Just like 'Old Times' as local drama group rediscovers Pinter

Just like 'Old Times' as local drama group rediscovers Pinter

Ballyshannon Drama Society return to the stage on February 9, with the premiere of this year’s circuit production, ‘Old Times’ by Harold Pinter.

The production, writes Conor Beattie, features Rachel O’Connor as Kate, Richard Hurst as Deeley and Trish Keane as Anna, and is directed by Conor Beattie.

The play is set on a late summer’s eve when husband and wife Deeley and Kate welcome Anna, Kate’s old friend and flatmate, into their home.

Over the course of the evening, and many brandies, the trio recall the old times in London, twenty years earlier. It soon becomes obvious, however, that not all memories are recalled equally, leading to tension and questions for everyone…including the audience.

‘Old Times’ is considered by many to be one of Harold Pinter’s finest dramatic creations. First produced in 1971 in the Aldwych Theatre in London, starring Pinter’s first wife Vivien Merchant, the play has rarely been out of production since, and is currently enjoying a high profile revival on Broadway, starring Clive Owen, Eve Best and Kelly Reilly, with a score by Radiohead’s Thom Yorke.

This production also marks a return to Ballyshannon for Harold Pinter, who performed in the town in 1952 as part of Anew McMaster’s touring company.

Pinter, born in Hackney, London, in 1930, was drawn to the theatre from a young age, playing Macbeth in his school production in 1947.

He later enrolled in the Royal Academy of Dramatic Arts but felt uncomfortable with the snobbery of the institution, and quietly dropped out.

In 1951, having controversially objected to national service, he replied to an ad in a theatre magazine for a part in a touring company, sending off a photo of himself, then auditioning in a flat in Willesden Junction.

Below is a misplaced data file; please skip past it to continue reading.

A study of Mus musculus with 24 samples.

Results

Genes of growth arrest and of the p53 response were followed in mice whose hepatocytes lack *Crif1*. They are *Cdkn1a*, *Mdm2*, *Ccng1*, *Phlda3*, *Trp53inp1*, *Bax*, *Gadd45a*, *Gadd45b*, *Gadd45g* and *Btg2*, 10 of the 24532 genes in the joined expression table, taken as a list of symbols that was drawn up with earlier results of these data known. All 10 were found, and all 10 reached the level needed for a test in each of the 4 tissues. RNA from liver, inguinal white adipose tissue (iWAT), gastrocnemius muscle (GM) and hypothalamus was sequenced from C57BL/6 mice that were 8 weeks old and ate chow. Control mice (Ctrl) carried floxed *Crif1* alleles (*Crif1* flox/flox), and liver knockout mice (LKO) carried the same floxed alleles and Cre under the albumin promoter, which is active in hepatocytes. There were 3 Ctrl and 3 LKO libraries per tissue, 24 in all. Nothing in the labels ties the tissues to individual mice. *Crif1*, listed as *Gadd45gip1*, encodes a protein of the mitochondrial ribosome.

The company was the Anew McMasters' repertory company, which toured Ireland in the 1950s, bringing professional productions to small towns in a time before the drama circuit had become established.

McMasters gave Pinter his first real acting job, one which he could not resist.

“He offered me six pounds a week, said I could get digs for twenty-five shillings at the most, told me how cheap cigarettes were and that I could play Horatio, Bassanio and Cassio,” Pinter later recalled.

After two weeks rehearsal in Dublin, the company took to the road, visiting Skibbereen, Tralee, Dundalk, Ballina, Athlone, Mullingar, Sligo and Ballyshannon.

From Monday, February 18 to Sunday, February 24 1952, the Anew McMasters’ touring company produced nine plays in the Abbey Ballroom, including William Shakespeare’s ‘Hamlet’, ‘Othello’, ‘The Taming of the Shrew’ and Wilde’s ‘Lady Windermere’s Fan’, each show opening at 8.30pm, with tickets costing 3/6.

Pinter performed as Iago to Mc Masters’ Othello, amongst other roles, including the lead in Wilde's plays.

There were 17 in the company at the time. His time with this company proved greatly influential on the young actor, as he learned stagecraft and how captivate an audience from the great McMasters, and it's bound to have made an impact on the yet-to-emerge playwright, deeply embedded as he was in the plays of Shakespeare, Wilde and Agatha Christie.

Also part of the company was Sligo actress Pauline Flanagan, whose parents had both held the position of Mayor of Sligo. Pinter and Flanagan began what would prove to be a significant relationship.

Pinter visited her Sligo home, and she travelled to Hackney to meet his family. There was even talk of marriage, but it is believed that Pinter's mother was not too keen on her son marrying an Irish Catholic actress, although it’s easy to imagine Miss Flanagan’s family had similar reservations about her marrying a Jewish actor from London.

Years later, Pinter would recollect, “Ireland wasn’t golden always but it was golden sometimes, and in 1950 [actually 1951-53] it was, all in all, a golden age for me and for others.” Humble beginnings for a man would would go on to receive the Nobel Prize for Literature in 2005. Rehearsals are underway, as cast and crew prepare for their four-night run in the Abbey, 64 years after Pinter performed there in person.

The team will head out on the festival circuit once again, participating in the following eight festivals, hoping to return to the All Ireland Drama Finals in Athlone (no pressure!).

The circuit schedule is as follows: February 23 Newtownstewart; March 9 Kiltyclogher; March 10 Shercock; March 14 Newry; March 15 Carrickmore; March 16 Strabane; March 18 Newtonabbey; and March 24 Newtownards/Bangor.